Karinchak entered the three-game series against the Twins at Progressive Field on Friday ranked in the 99th percentile in expected slugging percentage (.197), expected ERA (1.42) and expected weighted on-base average (.189), while ranking in the 100th percentile (yes, you read that correctly) in expected batting average (.112) and strikeout percentage (51.4%).
“He has been a weapon,” Indians manager Terry Francona said. “That's the best word. I mean, my goodness. His numbers are silly and we probably nitpick so much, and we worry when he goes 3-2 on a lot of people. But there's not a lot of walks and there's certainly not a lot of hits. His fastball profiles, I know the board will say 96-97, but I think it profiles better than that and his breaking ball is filthy. And he competes like crazy. He's fun to watch, man.”
His .068 opponent batting average (3-for-44) on his fastball is the third-lowest opponent batting average for any pitcher on a single pitch type this year (min. 50 plate appearances ending on pitch type). Only Yu Darvish’s slider (.040) and Tyler Glasnow’s curve (.056) have lower opponent batting averages. And the fact that those two ahead of him are starters is notable -- since Karinchak is a two-pitch pitcher, he’s thrown a ton of fastballs, putting him in range with starters for the PA minimum on the pitch.
And of the 101 pitchers who have gotten at least 100 swings against their four-seamer this season, none have a higher whiff rate on those swings than Karinchak, at 39.1%.
“I would say there's life to it, too,” Francona said. “We see a lot of guys that throw 95 [mph]. But he gets his fastball by a lot of hitters.”
Karinchak has been a weapon Cleveland has never seen before. There have been just two instances since at least 1908 of an Indians pitcher having a 50% or higher strikeout rate through 20 appearances in a season: Karinchak in 2020 (51.2%) and in ’21 (51.4%). Before Karinchak, the highest was Andrew Miller in 2016 (41.5%).
It’s not just Indians history, though. Karinchak is one of two pitchers since at least 1908 to strike out at least half the batters he faced through 20 appearances in a season twice, along with Josh Hader in 2018-19. (Aroldis Chapman is on pace to do this for a second time in 2021, but has made 17 appearances so far.)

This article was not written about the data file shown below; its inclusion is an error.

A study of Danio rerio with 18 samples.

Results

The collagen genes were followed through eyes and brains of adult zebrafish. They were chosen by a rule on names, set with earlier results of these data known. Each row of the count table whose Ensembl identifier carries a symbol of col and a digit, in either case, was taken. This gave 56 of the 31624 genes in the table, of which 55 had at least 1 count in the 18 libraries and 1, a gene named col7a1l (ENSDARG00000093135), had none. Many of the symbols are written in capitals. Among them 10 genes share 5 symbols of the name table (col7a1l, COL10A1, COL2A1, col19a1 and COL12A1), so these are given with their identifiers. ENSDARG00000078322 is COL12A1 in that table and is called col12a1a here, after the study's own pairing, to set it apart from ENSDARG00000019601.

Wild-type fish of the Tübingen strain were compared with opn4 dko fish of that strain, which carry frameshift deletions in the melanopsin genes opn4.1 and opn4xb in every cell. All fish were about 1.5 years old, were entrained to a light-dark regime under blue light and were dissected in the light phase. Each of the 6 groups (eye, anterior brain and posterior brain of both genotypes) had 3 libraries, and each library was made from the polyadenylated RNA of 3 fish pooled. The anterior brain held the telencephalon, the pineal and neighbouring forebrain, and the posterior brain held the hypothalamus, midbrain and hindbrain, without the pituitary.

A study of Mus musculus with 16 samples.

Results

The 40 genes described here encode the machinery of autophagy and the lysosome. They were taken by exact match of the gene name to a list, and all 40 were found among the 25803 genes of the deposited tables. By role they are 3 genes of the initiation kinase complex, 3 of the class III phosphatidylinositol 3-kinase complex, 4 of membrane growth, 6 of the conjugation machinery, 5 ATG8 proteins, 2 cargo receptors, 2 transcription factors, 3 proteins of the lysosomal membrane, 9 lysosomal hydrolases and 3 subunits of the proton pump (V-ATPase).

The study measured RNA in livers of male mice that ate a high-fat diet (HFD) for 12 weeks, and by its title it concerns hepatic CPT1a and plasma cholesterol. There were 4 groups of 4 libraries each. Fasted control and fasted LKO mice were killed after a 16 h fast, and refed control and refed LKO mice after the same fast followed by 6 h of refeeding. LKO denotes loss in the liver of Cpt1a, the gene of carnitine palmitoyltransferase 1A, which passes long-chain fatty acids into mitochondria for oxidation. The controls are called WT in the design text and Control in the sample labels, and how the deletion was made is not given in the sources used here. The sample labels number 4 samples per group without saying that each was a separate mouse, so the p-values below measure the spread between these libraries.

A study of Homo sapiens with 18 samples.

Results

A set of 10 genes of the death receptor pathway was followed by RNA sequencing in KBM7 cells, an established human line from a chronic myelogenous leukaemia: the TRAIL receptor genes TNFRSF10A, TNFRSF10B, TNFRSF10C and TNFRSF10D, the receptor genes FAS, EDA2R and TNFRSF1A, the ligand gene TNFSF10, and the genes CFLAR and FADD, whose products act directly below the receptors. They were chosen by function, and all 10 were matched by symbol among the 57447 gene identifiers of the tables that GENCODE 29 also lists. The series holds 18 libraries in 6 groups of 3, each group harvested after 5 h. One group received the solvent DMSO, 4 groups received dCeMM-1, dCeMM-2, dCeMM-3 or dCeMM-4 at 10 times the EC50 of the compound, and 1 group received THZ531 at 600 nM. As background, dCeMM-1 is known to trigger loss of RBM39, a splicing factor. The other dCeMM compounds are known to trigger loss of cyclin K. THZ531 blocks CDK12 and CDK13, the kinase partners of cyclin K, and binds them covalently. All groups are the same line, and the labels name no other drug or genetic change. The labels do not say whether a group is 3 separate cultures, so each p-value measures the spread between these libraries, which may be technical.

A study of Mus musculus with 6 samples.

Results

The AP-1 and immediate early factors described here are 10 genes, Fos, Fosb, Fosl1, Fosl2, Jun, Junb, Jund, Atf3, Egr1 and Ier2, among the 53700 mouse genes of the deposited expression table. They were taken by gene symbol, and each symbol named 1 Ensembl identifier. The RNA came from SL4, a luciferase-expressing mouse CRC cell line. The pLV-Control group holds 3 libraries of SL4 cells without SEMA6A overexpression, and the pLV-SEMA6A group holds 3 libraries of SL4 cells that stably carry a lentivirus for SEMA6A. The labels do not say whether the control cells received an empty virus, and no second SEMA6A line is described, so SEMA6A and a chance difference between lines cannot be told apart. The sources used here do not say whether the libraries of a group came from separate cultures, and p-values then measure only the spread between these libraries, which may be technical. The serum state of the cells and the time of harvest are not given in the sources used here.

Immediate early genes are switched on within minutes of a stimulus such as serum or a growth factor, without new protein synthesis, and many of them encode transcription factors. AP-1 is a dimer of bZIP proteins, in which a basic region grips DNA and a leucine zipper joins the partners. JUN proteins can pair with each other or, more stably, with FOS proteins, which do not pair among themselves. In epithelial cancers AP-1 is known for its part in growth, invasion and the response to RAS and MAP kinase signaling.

All of this is simply to say that Karinchak has taken the Indians bullpen to the next level. And even after making a tremendous impact in his first full season (although it was only 60 games) in 2020, he’s shown even more improvement in '21. He’s pounding the zone more this season and has seen a 2.5% increase in his first-pitch strike rate. And with Emmanuel Clase as another force at the back end of the 'pen, Cleveland has a lethal one-two punch that’s constantly rotating between setup man and closer.
Francona has been transparent since the season started that he wanted to avoid naming any one hurler a closer because he liked the flexibility of turning to either Karinchak or Clase in a tight late-game situation. That’s allowed them to mix and match more freely, using Karinchak when more lefties are due up in the order. Why? Because his .026 opponent batting average against lefties is the lowest among 153 right-handed pitchers with at least 35 lefties faced this season.
He’s a two-pitch pitcher that’s allowed his starting rotation to feel confident when they are removed from the game. So much so that starter Triston McKenzie couldn’t have complimented him more last month when Karinchak was just heating up.
"I feel like every time Karinchak steps on the mound,” McKenzie said, “it's going to be a show."